Judging Buildings – Bread For the City Addition

I know we took a look at the Bread for the City addition over the summer but I saw it in person for the first time myself at 1525 7th St, NW this past weekend and I was blown away. Their Web site says:

“Bread for the City offers five program services to low-income residents of Washington, DC: food and clothing distribution, primary medical care, legal advice and representation, and comprehensive social services. All services are free of cost to eligible DC residents, and are provided under one roof in an atmosphere of dignity and respect.

Thanks to the efforts of hundreds of volunteers and the contributions of thousands in the community, Bread for the City helps more than 10,000 people each month.”

Great building for a great organization.

25 Comment

  • that looks wonderful

  • We here at Bread for the City are super-pleased, too! The building was designed by Wiebenson & Dorman (http://www.wdarchitects.us), who also designed our original facility and our Southeast Center.

    But one of the most exciting aspects of the new facility can’t be seen from the street: we’re going to build a large rooftop community garden up there! Read more here – http://breadforthecity.blogspot.com/2010/10/healthy-rooftop-growing-our-own-food.html

  • More poverty professionals….

    Why not use the money they spent on this hideous addition on actual services???

    They could have easily, and cheaply bought an unused property east of the river, where there is more need for their services, and used the money on services.

    As a liberal, and someone who spends a lot of time helping others, I see stuff like this as a massive waste. It’s more about ego than anything else.

    • would they be less “poverty professionals” if they had “easily, and cheaply bought an unused property east of the river, where there is more need for their services, and used the money on services.”

    • as someone who has volunteered at bread for the city and experienced people having to step all over each other and fight over computers and consultation space (some of which needs to be private like medical screening), I know how badly they needed to expand. this wasn’t ego, it was necessity.

    • As someone invested hundreds of hours providing legal services in that very building (and who has donated almost all his wearable-but-unwanted clothes and baby supplies there over the past 8 years), i can say with all confidence that the space was not adequate to fully serve the population needing assistance at that location.

      The medical clinic offices were cramped and sanitarily compromised, they severely lacked in space for private consultatoins, the clothing room was the size of a narrow walk-in closet, the kitchen was smaller than my home kitchen.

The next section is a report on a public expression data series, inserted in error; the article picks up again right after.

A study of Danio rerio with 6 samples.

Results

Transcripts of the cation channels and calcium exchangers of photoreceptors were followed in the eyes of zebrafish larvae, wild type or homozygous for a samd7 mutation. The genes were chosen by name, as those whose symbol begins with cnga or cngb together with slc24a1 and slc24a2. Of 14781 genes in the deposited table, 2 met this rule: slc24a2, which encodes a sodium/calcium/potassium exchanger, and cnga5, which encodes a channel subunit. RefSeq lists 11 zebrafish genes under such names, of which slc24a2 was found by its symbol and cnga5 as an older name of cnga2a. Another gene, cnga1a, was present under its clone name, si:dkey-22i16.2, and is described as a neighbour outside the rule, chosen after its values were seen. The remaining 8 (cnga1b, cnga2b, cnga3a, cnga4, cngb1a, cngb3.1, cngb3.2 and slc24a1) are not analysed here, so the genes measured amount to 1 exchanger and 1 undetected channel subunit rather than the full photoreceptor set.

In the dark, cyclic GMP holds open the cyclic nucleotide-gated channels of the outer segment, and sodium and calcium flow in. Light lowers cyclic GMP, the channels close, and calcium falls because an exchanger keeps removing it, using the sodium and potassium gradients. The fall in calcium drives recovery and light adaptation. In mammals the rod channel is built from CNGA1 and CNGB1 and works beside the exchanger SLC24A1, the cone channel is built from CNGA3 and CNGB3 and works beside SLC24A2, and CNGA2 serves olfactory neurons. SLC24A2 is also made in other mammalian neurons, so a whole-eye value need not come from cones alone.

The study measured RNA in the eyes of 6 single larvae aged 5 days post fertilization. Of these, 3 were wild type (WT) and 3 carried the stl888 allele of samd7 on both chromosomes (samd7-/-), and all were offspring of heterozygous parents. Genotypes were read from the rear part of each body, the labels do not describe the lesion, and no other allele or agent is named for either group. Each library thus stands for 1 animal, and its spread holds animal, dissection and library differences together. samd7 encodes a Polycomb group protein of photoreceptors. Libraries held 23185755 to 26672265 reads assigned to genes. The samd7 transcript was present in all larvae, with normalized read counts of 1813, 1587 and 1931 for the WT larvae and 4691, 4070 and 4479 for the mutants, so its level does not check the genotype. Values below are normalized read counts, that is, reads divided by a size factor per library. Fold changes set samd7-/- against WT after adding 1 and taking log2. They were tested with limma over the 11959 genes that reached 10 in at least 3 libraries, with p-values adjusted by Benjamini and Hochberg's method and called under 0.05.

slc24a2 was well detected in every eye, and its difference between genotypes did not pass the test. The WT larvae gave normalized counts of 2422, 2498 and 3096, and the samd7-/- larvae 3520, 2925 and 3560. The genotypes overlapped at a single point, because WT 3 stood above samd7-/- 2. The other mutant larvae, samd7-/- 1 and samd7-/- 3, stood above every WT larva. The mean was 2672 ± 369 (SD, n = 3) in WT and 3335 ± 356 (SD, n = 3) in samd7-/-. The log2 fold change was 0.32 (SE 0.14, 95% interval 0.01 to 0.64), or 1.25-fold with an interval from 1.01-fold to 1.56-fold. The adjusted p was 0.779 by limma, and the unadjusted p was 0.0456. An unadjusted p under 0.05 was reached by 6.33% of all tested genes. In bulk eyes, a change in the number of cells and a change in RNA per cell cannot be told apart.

It was a noble effort in cramped quarters, looking much like those hollywood images of british war-time offices (bicycle mailman going down the hallway, people sitting in every nook and cranny, etc.) and the extention will be put to good use PROVIDING SERVICES TO CLIENTS.

      i haven’t been in the extension yet. Unless i see plush offices, you will be reserved honorary jackass status for that comment.

  • yeah, poor people don’t deserve this.

  • well, not all Bread clients live in SE, and it makes sense to provide services close to where people live and near different metro and bus lines.

    and it’s not possible to spend the money on “actual services” if there’s no space to provide them. The addition has things like an eye clinic and dental clinic–things that can’t be offered in the existing building without cutting out spaces that are already used for other services.

    finally, all nonprofits have to file tax documents that list the salaries of the highest-paid folks. I don’t think any Bread employees are getting rich–certainly most could make more in the private sector.

  • Wow, okay. Well since you (sort of) asked, the main objective of this expansion is to double the size of our medical clinic, which will triple its capacity to provide free health care to the community. (Our medical clinic stopped accepting new patients last year–not because we didn’t have the providers but because we lacked the space to see more patients.) If you’re interested, there’s more detail here: http://breadforthecity.blogspot.com/2010/01/hoping-for-health.html

    We also purchased this unused property ~15 years ago, when there weren’t many others eager to invest in the neighborhood — but we didn’t start on this expansion in Northwest until *after* we’d built a facility in Southeast, right on the border of Anacostia and Fairlawn.

    So there are the facts. In the meantime, I also encourage you to imagine how cramped this original building was, given that it contains one of the city’s largest food pantries, a fully-operational health clinic, a legal clinic with 9 lawyers (up from 3 just a few years ago) and a social services center. This expansion will allow us to continue to grow to meet the need in our community. You’re welcome to come take a tour and see for yourself!

    • it’s sad that you guys do such great and helpful work and get dissed to where you need to defend yourself.

      keep doing what you are doing.

    • Please ignore the intense hostility to the poor and those who devote their lives to trying to help them that plagues this site. As you know, and thankfully, it is not representative of the population of the city. Thank you for your work, and best of luck with the expansion.

  • mmm mmm thats some fine brick work.

  • look at them mullions… mmmm

  • I once read an article about how poorer people are really impressed by greek temples; maybe they should have designed this building to look more like a greek temple.

  • Making sure you turn out.

  • Don’t give flip for the building but I am pleased that Bread for the City has larger quarters.